April 24, 2012

BC Liquor Stores App

Sir Oliver Mowat, great great uncle of that Mowat, was Premier of Ontario from 1872 to 1896 and one of our Fathers Of Confederation. He was instrumental in wresting control over rights to natural resources and other goods away from the federal government in favour of the provinces.

One of those "other goods" was alcohol and this decentralization of powers meant that the provinces could make up their own rules when the Temperance movement started influencing politics in the early 20th century. Each enacted legislation that kept tight control of what the people could drink, and when and where, in the hands of the provincial governments.

Since then Alberta is the only province that has completely privatized retail of alcohol and although it operates through a private contractor, it still has a monopoly on wholesale distribution.

Why is this interesting?

Because it is another example of Canada's essential conundrum: the delicate balance between what the people think they want and what the government thinks they should have.

From the number of Alberta license plates in the parking lots of Okanagan wineries, we can assume that some Albertans are fed up with the shelves full of Yellowtail and Molson Canadian in their local liquor shop.

In BC we love to complain about the Liquor Distribution Branch and their retail wing, the BC Liquor Stores. Their monolithic policies and control of imports and distribution can be maddening. That Rhône red you wanted to try? Only available in Prince Rupert. That 90-point Mosel-style Ontario Riesling selling for only $18? Not going to see it here.

But they do many things very, very well, too: their Signature stores are a pleasure to visit (and are open on Sundays, which hopefully infuriates a priest somewhere), they give lots of shelf space to BC wines, and their website is excellent.

Another thing they do alarmingly well is the BC Liquor Stores iOS app.

Free from iTunes, the app is stable, well-designed and updated regularly.

The landing screen ties in to the content of the latest issue of their in-house magazine, Taste, which is handy if you're trying to find a product you just read about.

Here we are looking up a Wild-Ferment Chardonnay from Errazuriz. Text-recognition finds the product after typing in only a few letters.

As well as the price, details, tasting notes and pairing suggestions, it tells you the nearest open store that actually has the wine in stock. This is the best use of government funding we've seen in since paved roads.


You add your own rating and notes about the wine and then organize them into lists of Favourites, Recommendations, Under $20, Never Again, or anything that makes sense to you. You can share these lists by e-mail or you-know-what.

One excellent feature is that the lists are stored on your device so you don't need to go on-line to review them (like when you are standing in a shop). This is very helpful for people like us who are using an iPod Touch that relies on wi-fi access.


Got a bottle and wondering what to eat with it? Scan it with the iPhone's camera (or type in the bar code number) and check the tasting notes for pairing recommendations. There is also a Pairings section that works the other way, showing suggestions based on a variety of typical dishes.

The Pairings section could use a little improvement, we think. One option in the "Meat" category is "Pork or Veal in Cream Sauce with Mushrooms". Why mushrooms, in particular? Strangely, one of their four wine recommendations for this specific dish was "Pomino Bianco" which actually yielded no results in the product list. Oops.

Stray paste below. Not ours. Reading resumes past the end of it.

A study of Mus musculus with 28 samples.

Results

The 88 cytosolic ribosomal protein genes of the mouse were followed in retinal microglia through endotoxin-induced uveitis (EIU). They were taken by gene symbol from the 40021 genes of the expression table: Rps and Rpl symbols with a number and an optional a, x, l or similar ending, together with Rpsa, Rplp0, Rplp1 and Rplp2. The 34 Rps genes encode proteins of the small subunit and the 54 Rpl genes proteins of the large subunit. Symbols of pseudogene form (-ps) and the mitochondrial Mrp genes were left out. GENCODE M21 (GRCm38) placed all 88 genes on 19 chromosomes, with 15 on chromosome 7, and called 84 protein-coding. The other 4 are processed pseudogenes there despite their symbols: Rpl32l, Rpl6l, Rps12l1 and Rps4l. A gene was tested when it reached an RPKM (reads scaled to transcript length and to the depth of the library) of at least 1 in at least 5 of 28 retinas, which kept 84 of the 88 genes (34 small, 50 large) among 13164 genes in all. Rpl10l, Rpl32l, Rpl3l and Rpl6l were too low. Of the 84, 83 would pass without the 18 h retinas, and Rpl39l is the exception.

Here is another issue: if you don't spell the item correctly the search feature doesn't help at all. By now we are used to Google interpreting our typos and suggesting what we really meant, so this old-school, "Chardonnat? Does not compute!" kind of result is no longer acceptable.

Over all, this is really a very, very well-done app and the LDB should be congratulated. However, there is one glaring omission: 

Where is the Android version?

While it is not always easy to decipher the stats (Google counts in units shipped and doesn't sell phones (yet), while Apple counts retail sales), by many reports the Android platform now outsells Apple's iOS.

 


There is no longer any rationalization for not developing an app for Android devices, especially if you are a publicly-funded branch of a provincial government, awash in tax revenue.*

*Edit April 25/12: We just received a call from someone at BC Liquor Stores who tells us that they do have plans to make an Android version of their excellent app. There is no release date yet, however.


How does BC Liquor Stores' app compare to those offered by commissions and boards in the rest of the provinces?

Alberta has LiquorConnect which doesn't seem to have a mobile app at all, which is what happens when you privatize retail.

SaskLiquor  doesn't either, but for different reasons.

From the design of Manitoba's Liquor Marts Online it looks like apps of any kind are still a couple of decades away.

Ontario's LCBO is on the iPhone but doesn't have an Android app.

Quebec's SAQ does.

New Brunswick's ABNL leads the maritimes with apps for both platforms.

The NSLC in Nova Scotia has a series of podcasts and videos, but no mention of mobile apps.

Neither PEI nor Newfoundland seem to have a mobile app between them.

Nunavut Liquor Commission... well, you can read their annual reports.

Northwest Territories Liquor Commission...
 
The Yukon Liquor Corporation isn't doing much better.

So congratulations to BC's LDB on a job well done. We look forward to reporting here that an Android app is on the way soon. Can't let New Brunswick out-shine us, can we?

And to our northern brothers and sisters, we offer a hearty ᐅᒥᐊᕐᔫᑉ ᐳᓪᓕᓕᒫᐸᒐ ᑕᑦᑕᕐᓂᖅ ᐊᒻᒪᔭᖅ (Umiarjuap Pullimmaqpaga tattaurniq nimiraq.) and we hope you can find a good bottle of wine this summer.